We recently discussed retirement account beneficiary forms in our weekly video. We recommend watching it (https://mullooly.net/retirement-account-beneficiary-forms-very-important/7603). In this week’s Mullooly Asset Management podcast, Tom and Brendan share two examples that illustrate the importance of filling out and updating these forms.
When it comes down to it, filling out and updating your retirement account’s beneficiary form is paperwork. Nobody likes paperwork. It’s boring to do and talk about, but do you want your retirement savings to end up with the wrong person following your death? Probably not. So while they’re not thrilling, these forms hold a great level of importance. They shouldn’t be forgotten about, as they often are. One thing to remember about retirement account beneficiary forms is that they supersede what’s in your will. Many individuals aren’t aware of the magnitude this form has.
A famous example of somebody who was unaware of the beneficiary form’s importance comes from the Supreme Court case, Kennedy vs. DuPont. The Supreme Court ruled that a woman was not entitled to the proceeds from her father’s $400,000 company retirement plan. Instead, her father’s ex-spouse received the money; even though she had waived her rights to it in the divorce decree. The beneficiary form superceded the divorce decree.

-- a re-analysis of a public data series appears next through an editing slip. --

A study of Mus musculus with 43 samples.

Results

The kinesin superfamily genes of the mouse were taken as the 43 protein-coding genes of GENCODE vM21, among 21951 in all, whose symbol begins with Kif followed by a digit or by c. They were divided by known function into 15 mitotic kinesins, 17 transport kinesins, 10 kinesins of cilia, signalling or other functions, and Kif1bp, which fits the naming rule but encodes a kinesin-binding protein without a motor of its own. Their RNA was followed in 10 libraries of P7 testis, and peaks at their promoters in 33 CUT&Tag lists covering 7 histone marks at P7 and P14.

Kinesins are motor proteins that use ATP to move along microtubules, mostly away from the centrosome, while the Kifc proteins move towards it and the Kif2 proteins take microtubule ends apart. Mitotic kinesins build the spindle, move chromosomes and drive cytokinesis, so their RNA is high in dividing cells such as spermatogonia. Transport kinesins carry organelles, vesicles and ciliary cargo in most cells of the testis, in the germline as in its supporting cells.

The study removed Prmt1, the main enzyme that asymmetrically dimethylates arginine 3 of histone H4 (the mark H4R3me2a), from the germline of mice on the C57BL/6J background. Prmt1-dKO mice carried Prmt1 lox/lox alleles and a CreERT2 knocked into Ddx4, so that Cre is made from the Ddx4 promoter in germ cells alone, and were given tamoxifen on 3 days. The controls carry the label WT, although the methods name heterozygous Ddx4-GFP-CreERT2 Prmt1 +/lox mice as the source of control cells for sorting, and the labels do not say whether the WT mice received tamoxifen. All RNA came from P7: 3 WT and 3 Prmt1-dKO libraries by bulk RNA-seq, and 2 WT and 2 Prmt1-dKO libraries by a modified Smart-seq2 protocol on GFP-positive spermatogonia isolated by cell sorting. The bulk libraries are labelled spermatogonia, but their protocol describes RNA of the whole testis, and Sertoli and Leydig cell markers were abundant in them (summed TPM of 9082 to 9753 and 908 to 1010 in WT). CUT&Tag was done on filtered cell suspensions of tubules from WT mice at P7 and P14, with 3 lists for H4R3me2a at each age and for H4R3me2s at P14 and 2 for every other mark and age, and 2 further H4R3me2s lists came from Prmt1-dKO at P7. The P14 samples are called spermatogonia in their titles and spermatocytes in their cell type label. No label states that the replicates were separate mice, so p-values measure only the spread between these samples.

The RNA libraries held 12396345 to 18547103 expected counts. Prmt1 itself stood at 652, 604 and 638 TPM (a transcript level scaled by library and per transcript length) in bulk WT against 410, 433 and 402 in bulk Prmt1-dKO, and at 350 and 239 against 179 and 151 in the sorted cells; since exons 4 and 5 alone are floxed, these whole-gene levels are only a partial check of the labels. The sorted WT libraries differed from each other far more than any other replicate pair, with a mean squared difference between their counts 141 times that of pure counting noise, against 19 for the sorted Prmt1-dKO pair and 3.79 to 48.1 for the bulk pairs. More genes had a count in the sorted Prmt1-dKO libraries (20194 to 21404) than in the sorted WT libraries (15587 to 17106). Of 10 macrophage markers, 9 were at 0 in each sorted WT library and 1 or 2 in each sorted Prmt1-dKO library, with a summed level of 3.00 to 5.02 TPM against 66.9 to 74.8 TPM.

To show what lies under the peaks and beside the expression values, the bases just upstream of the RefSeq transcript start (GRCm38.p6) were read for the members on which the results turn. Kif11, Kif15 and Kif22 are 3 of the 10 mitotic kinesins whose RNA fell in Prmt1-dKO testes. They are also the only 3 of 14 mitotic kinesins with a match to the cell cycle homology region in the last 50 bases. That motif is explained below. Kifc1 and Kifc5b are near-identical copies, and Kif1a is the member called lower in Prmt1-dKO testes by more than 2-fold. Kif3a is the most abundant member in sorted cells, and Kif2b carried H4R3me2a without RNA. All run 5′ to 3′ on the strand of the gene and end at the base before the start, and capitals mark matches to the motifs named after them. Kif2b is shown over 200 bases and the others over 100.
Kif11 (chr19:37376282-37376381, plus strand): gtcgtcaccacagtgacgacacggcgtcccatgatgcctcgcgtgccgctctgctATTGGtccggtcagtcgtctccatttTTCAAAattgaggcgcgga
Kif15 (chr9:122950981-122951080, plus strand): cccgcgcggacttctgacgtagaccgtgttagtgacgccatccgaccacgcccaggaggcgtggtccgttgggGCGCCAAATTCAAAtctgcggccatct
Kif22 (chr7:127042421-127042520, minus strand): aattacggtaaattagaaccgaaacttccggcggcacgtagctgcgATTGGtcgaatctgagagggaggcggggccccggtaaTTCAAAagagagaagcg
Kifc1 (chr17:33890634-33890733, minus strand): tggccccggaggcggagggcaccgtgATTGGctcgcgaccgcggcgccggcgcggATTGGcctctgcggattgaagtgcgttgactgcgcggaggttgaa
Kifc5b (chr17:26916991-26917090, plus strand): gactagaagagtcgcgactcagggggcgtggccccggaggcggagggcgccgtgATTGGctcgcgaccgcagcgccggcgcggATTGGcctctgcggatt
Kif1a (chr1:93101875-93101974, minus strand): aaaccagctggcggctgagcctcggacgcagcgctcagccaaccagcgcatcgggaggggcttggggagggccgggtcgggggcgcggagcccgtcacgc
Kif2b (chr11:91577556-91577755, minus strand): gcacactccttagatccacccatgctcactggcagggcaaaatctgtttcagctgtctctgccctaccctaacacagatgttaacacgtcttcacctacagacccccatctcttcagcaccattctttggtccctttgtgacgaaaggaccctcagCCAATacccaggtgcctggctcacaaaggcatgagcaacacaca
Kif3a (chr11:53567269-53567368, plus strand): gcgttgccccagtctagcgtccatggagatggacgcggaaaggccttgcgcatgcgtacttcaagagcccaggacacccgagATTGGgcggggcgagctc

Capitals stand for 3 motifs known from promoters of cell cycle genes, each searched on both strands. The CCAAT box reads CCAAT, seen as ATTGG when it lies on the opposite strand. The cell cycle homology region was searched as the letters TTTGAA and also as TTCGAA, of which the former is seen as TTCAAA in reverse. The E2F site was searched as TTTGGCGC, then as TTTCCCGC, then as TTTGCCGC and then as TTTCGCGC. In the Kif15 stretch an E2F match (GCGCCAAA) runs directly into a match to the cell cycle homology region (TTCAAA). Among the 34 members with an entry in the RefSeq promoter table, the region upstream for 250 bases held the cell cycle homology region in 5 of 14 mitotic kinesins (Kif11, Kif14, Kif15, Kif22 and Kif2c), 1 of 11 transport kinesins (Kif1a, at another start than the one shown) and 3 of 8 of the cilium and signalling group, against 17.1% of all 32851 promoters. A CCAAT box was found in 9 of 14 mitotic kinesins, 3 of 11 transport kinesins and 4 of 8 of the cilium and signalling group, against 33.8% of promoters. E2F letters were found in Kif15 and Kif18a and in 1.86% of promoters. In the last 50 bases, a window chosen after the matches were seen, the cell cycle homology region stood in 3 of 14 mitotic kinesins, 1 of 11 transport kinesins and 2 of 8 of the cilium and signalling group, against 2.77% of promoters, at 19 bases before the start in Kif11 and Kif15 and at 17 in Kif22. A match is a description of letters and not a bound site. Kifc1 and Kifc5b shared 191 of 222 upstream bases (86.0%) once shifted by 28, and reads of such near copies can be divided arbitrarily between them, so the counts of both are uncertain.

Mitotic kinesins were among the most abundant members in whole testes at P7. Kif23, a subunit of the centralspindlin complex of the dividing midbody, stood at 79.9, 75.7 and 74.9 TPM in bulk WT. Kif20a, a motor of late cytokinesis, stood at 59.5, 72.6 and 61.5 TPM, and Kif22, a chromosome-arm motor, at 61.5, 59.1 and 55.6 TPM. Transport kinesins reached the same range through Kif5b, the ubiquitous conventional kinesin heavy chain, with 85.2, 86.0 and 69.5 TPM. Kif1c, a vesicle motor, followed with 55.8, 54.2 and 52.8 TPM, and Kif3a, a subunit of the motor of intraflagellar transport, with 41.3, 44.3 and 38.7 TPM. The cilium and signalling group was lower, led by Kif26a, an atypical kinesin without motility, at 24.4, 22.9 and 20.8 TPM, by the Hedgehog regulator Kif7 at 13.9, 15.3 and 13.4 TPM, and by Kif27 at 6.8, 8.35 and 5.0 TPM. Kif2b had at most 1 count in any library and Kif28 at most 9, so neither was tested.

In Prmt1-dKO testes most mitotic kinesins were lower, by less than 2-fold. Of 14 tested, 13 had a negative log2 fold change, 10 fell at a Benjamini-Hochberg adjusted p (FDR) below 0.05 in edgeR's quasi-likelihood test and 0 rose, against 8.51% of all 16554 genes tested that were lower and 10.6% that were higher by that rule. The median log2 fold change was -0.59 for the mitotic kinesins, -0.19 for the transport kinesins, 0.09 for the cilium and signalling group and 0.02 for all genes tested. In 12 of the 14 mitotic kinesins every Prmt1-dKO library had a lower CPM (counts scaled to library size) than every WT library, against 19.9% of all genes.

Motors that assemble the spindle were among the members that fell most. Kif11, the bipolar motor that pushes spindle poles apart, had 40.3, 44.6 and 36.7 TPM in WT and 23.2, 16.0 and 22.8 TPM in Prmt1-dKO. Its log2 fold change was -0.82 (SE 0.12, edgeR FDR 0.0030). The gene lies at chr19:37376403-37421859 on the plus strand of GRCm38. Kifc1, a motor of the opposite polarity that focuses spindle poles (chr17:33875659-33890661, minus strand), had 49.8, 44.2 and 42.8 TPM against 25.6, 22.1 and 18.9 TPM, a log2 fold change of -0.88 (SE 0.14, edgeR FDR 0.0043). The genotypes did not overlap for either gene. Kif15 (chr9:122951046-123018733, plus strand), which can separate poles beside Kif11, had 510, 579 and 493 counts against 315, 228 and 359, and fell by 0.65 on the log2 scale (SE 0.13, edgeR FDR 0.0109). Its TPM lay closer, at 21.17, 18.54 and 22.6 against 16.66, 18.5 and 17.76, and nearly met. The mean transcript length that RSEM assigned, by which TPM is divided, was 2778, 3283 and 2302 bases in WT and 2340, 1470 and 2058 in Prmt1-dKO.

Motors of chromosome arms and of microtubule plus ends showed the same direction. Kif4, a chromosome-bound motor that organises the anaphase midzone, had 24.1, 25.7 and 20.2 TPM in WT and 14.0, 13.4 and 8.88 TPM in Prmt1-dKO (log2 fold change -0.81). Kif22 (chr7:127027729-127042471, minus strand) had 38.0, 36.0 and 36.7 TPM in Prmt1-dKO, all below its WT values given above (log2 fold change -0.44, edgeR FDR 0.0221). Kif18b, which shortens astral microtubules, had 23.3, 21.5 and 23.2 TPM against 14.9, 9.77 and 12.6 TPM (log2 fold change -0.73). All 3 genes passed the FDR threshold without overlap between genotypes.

Another similar example involved a man named Bruce Friedman. Bruce’s wife Anne passed away. She had accumulated almost a million dollars in her teacher’s retirement plan, but Bruce never got any of that money. Bruce assumed that since they were married, he would receive the account’s balance should anything happen to Anne. Unfortunately for Bruce, Anne filled out the beneficiary form four years before they were married and never updated it. The money ended up going to Anne’s sister instead because she was listed on the form.
You can read more about both cases here: https://www.deltacommunitycu.com/forms/beneficiaryinformation.aspx
Three things that individuals with retirement accounts need to remember are:
1.) Do not assume you are the beneficiary!
2.) Do not assume you filled out a beneficiary form for your account!
3.) When you move or have a change in your life, UPDATE the form!
The beneficiary form will supercede what’s in your will! Don’t forget that.